FRESNO, California (KSEE) — We’re still far off from a vaccine, but more Central Valley COVID-19 patients are getting access to promising treatments.
Access to these treatments, like the antiviral medication remdesivir, has mostly been through drug trials. But, soon remdesivir will be more widely available. Good news for hospitals, as well as Fresno County as a whole — health officials saying with each new development they quickly work to find and secure a supply.
For months, doctors at UCSF-Fresno have been conducting a number of COVID-19 treatment trials, including one for remdesivir. Dr. Jeff Thomas, the Chief Quality and Medical Officer for Community Medical Centers, said many patients that have come through their emergency departments have been part of this and other trials.
“We were a part of the early study on remdesivir,” he said.
On a county level, a federal program has helped bring in hundreds of vials of the drug into hospitals on a weekly basis.
During Thursday’s COVID-19 briefing from the Fresno County Department of Public Health, interim health officer Dr. Rais Vohra said the program is ending. However, it’s end comes as the drug’s manufacturer Gilead is making the drug commercially available.
“Hospital [will be able to] acquire it from the company themselves. We don’t feel there’s going to be a huge lapse [in treatment],” Vohra said. “In fact, there’s actually still remdesivir being left on the shelves because they still have supplies left to give to patients.”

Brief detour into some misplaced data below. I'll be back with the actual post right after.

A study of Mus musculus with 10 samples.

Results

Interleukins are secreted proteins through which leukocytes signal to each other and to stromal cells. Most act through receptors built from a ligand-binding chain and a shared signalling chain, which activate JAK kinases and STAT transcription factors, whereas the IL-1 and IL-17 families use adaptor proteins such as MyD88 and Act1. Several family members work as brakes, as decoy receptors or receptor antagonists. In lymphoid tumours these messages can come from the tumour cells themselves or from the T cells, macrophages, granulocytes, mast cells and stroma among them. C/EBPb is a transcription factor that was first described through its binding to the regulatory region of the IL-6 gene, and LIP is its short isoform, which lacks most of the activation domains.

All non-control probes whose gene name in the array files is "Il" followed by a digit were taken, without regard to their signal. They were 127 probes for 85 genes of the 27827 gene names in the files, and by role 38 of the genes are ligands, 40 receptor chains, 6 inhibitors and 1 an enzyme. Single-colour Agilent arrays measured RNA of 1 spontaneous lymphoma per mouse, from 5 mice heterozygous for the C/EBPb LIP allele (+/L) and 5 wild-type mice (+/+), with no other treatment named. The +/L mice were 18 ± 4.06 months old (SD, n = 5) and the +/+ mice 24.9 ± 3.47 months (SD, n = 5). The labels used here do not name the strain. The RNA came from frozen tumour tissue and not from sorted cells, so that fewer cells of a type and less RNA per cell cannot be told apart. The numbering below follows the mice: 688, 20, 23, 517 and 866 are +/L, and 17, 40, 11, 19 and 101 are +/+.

When talking about other treatments, Vohra stressed the need for more plasma donations from recovered COVID-19 patients. So far, the Central California Blood Center reports close to 40 have donated their plasma. Ersilia Lacaze, the center’s marketing director, said that helped create 150 products for convalescent plasma treatment.
However, the supply is getting slim.
“If you’re one of the coronavirus patients that’s now on the recovering end of your illness, please please consider donating your plasma. You can certainly help a lot of people through your donation,” Vohra said.
You can find more information about donating plasma, like eligibility requirements, you can click here. Below you’ll find some of the requirements:
- Documented prior diagnosis of COVID-19 by a lab test.
- Symptom-free for 28 days.
- Male or never have been pregnant.
Vohra adds the county has been keeping an eye on dexamethasone, a steroid showing promise in UK COVID-19 treatment trials. The Chief Medical Officer for Saint Agnes Medical Center, Dr. W. Eugene Egerton, said it has been used on some of their COVID-19 patients and the results have been promising.